In this large prospective investigation, we found no association between history of hypertension, hypercholesterolemia, or diabetes and risk of PD. These results are consistent with those of some previous studies,5,6,8
but not others in which a history of hypertension6,7,9
was associated with a decreased risk of PD. The inconsistency may be partially due to the retrospective exposure assessment of these conditions and the ambiguous time period of exposure classification in many of these studies. In a recent case–control study, a 40% lower risk of PD was estimated among subjects with diabetes, and a significant interaction between smoking status and diabetes was found among men but not women.10
In contrast, in a cohort study in Finland, risk of PD was 85% higher in men and women with Type 2 diabetes.21
However, we did not find an association between diabetes and risk of PD in either men or women and additional analyses restricted to nonsmokers or smokers did not suggest any differential effect.
Strengths of the current study include the large sample size, the prospective design, the high rate of follow-up, the availability of detailed and validated information on cigarette smoking and others potential confounders, and the multiple updated assessments of the exposures of interest, which provide a clear temporal sequence between vascular factors and PD diagnosis. PD patients may exhibit autonomic dysfunction,22,23
and changes in weight20
and physical activity19
have been documented to occur before diagnosis and could cause secondary changes in blood pressure, cholesterolemia, and risk of diabetes. To determine whether these conditions are risk factors for PD, it is therefore important that their presence is established before the onset of neurologic symptoms, and preferably several years earlier.
There are, however, some potential limitations. Exposures were assessed through self-reported doctor-diagnosed disease, rather than by direct clinical examinations. Although the use of self-reported history of hypertension, diabetes, and cholesterol has been validated,13,14
some misclassification may still occur. This would likely be nondifferential and may have attenuated possible existing relationships. However, the findings that self-reported history of hypertension, hypercholesterolemia, and diabetes are strong predictors of heart disease and stroke13,24
and self-reported total blood cholesterol predicts myocardial infarction (unpublished data) provide evidence of validity of the reported exposures and suggest that bias due to misclassification is likely to be modest. Some misclassification in PD diagnosis is also expected, but error from this source is also likely to be small. In recent clinicopathologic studies, the positive predictive value of clinical PD diagnosis was approximately 90% for diagnoses made by general neurologists25
and even higher for diagnoses made by movement disorder specialists.26
Finally, as in all observational studies, unmeasured confounding cannot be excluded, but it seems unlikely that this could account for the null results. All of the analyses were adjusted for the strongest risk factors for PD, including sex, age, and smoking history, the latter based on detailed, prospectively collected, and validated information. The role of other potential confounders, such as caffeine, alcohol consumption, BMI, physical activity, and use of NSAIDs were examined in multivariate models and were found to have little impact on effect estimates.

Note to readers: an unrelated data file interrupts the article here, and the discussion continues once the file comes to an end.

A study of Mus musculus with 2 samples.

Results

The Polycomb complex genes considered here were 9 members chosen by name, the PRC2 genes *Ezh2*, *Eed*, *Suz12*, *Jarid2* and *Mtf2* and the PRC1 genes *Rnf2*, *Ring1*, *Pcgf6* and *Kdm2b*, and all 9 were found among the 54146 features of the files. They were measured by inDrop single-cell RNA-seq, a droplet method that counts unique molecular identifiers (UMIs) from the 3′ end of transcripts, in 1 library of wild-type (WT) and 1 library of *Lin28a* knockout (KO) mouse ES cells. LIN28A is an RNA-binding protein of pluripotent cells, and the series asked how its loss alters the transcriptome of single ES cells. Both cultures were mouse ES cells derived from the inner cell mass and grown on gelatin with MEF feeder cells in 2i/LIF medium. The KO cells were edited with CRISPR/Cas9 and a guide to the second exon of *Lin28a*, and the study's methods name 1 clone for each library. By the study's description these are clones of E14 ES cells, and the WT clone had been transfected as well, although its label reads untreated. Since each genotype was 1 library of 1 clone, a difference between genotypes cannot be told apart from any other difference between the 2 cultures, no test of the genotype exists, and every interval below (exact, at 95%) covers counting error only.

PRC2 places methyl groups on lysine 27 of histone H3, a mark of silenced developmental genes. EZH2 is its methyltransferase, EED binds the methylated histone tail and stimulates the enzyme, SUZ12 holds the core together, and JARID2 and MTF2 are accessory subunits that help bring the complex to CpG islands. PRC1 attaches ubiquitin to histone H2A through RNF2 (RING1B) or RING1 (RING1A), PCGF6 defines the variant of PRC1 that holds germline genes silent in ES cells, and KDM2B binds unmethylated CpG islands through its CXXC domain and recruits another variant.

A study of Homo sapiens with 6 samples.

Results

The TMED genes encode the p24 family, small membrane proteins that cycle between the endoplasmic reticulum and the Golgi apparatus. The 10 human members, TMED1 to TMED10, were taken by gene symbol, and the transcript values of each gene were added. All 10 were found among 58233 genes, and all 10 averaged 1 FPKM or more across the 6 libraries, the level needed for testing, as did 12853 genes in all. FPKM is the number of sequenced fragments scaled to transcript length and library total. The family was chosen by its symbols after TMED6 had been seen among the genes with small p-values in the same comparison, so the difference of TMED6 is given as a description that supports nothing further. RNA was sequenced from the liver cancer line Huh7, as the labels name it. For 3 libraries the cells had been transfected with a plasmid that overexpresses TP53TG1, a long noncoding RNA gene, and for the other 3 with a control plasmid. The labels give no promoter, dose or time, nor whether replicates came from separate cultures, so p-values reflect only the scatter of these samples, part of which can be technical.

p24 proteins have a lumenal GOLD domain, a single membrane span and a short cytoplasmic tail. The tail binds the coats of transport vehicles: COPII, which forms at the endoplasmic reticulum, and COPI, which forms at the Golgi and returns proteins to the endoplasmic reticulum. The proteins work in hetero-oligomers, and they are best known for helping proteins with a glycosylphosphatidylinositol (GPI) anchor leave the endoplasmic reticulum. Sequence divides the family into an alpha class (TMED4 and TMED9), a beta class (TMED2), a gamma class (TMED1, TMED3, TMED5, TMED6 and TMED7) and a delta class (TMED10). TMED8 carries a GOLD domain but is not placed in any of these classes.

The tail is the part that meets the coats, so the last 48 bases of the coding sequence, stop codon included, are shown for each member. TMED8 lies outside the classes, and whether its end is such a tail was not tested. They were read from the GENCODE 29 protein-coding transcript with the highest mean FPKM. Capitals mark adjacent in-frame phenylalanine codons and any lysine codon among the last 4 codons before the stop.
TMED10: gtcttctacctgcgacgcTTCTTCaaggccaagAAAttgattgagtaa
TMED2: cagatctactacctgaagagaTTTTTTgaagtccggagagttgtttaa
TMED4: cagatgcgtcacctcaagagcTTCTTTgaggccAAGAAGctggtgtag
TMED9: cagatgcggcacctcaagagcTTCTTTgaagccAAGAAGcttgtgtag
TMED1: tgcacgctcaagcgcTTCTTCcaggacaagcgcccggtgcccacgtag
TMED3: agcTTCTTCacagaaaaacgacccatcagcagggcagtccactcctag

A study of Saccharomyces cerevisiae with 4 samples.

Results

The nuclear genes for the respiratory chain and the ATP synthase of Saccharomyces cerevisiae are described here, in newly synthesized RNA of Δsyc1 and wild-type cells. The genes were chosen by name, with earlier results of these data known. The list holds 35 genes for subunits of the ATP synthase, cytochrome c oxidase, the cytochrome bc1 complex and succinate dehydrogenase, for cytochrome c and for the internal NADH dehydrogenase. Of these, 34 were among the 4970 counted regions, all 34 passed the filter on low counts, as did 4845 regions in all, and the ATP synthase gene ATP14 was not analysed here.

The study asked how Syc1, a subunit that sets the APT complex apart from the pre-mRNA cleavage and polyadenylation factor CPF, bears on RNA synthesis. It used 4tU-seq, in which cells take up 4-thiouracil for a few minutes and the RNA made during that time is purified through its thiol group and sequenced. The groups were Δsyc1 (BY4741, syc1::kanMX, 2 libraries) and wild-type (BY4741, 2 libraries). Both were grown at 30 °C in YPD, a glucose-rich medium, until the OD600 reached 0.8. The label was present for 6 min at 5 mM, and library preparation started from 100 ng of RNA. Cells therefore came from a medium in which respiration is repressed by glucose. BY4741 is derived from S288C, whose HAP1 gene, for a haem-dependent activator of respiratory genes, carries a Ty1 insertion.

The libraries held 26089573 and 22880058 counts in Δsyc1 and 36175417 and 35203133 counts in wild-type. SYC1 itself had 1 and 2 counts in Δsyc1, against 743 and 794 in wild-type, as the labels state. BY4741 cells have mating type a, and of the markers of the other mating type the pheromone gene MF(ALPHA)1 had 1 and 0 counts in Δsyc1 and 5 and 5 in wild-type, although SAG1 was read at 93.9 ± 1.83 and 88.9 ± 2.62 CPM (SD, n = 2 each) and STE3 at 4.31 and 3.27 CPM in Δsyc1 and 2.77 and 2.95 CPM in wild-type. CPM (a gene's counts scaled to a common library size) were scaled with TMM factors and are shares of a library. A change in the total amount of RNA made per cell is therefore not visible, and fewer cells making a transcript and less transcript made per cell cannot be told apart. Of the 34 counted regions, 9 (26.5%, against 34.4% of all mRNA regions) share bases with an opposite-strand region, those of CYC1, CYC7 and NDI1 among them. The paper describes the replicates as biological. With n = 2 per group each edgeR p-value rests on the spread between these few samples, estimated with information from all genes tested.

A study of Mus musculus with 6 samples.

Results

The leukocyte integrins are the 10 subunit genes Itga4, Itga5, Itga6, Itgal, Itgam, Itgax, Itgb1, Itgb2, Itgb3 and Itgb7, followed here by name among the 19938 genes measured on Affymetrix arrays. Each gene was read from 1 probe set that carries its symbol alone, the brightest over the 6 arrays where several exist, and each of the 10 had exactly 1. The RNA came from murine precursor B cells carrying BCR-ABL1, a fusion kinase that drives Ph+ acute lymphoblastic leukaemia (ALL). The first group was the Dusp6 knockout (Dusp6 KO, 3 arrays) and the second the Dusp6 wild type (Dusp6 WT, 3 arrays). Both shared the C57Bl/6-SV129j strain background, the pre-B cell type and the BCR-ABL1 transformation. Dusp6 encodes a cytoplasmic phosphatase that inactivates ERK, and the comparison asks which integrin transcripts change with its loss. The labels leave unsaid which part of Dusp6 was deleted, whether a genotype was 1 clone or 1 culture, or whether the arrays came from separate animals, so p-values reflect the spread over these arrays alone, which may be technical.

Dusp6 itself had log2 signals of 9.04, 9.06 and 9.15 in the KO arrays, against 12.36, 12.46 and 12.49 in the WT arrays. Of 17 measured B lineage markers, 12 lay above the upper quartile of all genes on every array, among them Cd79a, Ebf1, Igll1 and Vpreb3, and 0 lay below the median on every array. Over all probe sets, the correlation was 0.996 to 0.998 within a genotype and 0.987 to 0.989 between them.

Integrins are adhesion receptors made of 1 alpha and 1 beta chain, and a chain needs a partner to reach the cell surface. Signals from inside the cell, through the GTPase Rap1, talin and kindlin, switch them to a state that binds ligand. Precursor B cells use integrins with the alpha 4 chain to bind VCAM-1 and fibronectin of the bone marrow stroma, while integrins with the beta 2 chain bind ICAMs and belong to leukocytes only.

Average SBP and DBP among individuals who developed PD were similar to those of individuals without PD throughout the study period, which extended from 10 years before diagnosis to 8 years after diagnosis, except for a small but significant decline in SBP after the diagnosis. This decrease in SBP after diagnosis is consistent with the observation that autonomic dysregulation may be associated with PD in some patients22,23
and may increase with disease severity.27,28
Additionally, L-dopa and other treatments may result in resting hypotension, increased orthostatic hypotension, and increased autonomic dysfunction independent of disease severity.22,27,29–31
However, the trend of decreasing SBP after PD diagnosis was attenuated after exclusion of those on antihypertensive medications, and may thus reflect in part a stronger response to treatment of SBP in individuals with PD. Additionally, this trend after diagnosis may contribute to explain the decreased prevalence of measured hypertension in studies among diagnosed PD cases.
There was a suggestion of a potential protective effect of increasing total cholesterol, which was stronger in women than in men. These results should be interpreted with caution because the results were only marginally significant and could have occurred by chance. However, this finding is consistent with the report of lower levels of LDL cholesterol among patients with PD than controls32
and with the results of a recent prospective study of serum cholesterol levels and risk of PD in which a protective effect of increasing cholesterol was observed in women but not in men.33
Further investigation of the potential protective effect of high cholesterol and PD is nevertheless warranted, particularly because in this study we did not have individual information on specific cholesterol fractions. Of interest, plasma levels of uric acid have been found to be strongly inversely related to risk of PD,34–36
it would thus be important in future investigations to consider possible confounding by uricemia.
Overall, the results of this large prospective study do not support a role for hypertension, diabetes, or high total cholesterol as risk factors for PD. A possible decreased risk of PD associated with high plasma cholesterol, particularly in women, cannot be excluded and deserves further investigation.